Marine earns citizenship through service
Mexican native battles for his adopted nation in Iraq

By Kevin Sites
NBC News
Updated: 11:20 a.m. ET May 17, 2004

FALLUJAH, Iraq - At the age of 9, Carlos Gomez crossed the Rio Grande from Mexico along with his father, mother and two sisters. They had heard stories about the opportunities in the United States, dreamed about them, wanted them so badly they ran through oncoming traffic on the I-805 freeway to get to them.

The family didnít stop until they reached San Diego as fear, fatigue and the Border Patrol faded into the southern horizon along with their homeland.

The Gomez family stayed in the United States, overcame the slurs and paid back the opportunities with hard work for menial wages.

Now, 12 years later, Marine Lance Cpl. Gomez has paid a heavy price for his adopted country, sacrifice on the Iraqi battlefield.

Fallujah surrounded
The scene was Fallujah, a hotbed of anti-American violence where U.S. forces have engaged in a tense and often violent showdown with Sunni militia groups.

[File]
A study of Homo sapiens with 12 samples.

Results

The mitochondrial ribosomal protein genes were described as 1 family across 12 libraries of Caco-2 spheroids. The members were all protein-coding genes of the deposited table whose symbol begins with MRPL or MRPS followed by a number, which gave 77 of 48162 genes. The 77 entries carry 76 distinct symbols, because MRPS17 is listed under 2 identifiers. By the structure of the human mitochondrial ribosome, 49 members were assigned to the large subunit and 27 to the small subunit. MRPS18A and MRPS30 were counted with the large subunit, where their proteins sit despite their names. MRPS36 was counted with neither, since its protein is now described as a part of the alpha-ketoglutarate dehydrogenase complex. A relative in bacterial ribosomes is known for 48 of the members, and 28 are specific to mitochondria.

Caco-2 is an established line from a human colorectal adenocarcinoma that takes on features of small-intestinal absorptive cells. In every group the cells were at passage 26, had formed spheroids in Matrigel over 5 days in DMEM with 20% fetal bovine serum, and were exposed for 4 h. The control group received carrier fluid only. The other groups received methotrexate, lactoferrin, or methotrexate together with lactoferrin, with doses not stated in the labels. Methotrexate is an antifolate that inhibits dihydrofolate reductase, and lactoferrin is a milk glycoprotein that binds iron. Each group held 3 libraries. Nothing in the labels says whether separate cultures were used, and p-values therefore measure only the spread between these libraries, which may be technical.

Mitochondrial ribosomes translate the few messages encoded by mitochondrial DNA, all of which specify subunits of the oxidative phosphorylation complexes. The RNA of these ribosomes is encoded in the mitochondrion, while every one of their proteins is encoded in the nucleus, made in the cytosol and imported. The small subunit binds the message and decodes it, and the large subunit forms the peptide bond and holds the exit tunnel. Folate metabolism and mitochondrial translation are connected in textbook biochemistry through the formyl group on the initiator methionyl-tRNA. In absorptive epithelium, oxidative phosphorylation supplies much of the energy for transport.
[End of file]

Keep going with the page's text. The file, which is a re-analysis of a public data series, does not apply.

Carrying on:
The 1st Marine Expeditionary Force, which took over responsibility for the Al Anbar province from the Armyís 82nd Airborne Division, surrounded the city after four American contractors were brutally murdered in late March.

Gomez was a team leader for second platoon, Echo Company of the 2-1 Marines, whose job was to cordon off a portion of Fallujahís slums known as the Joan region. It is where, U.S. military leaders believed, most of the insurgents were clustered.


Kevin Sites / NBC News
Marine Lance Cpl. Carlos Gomez in Fallujah, Iraq.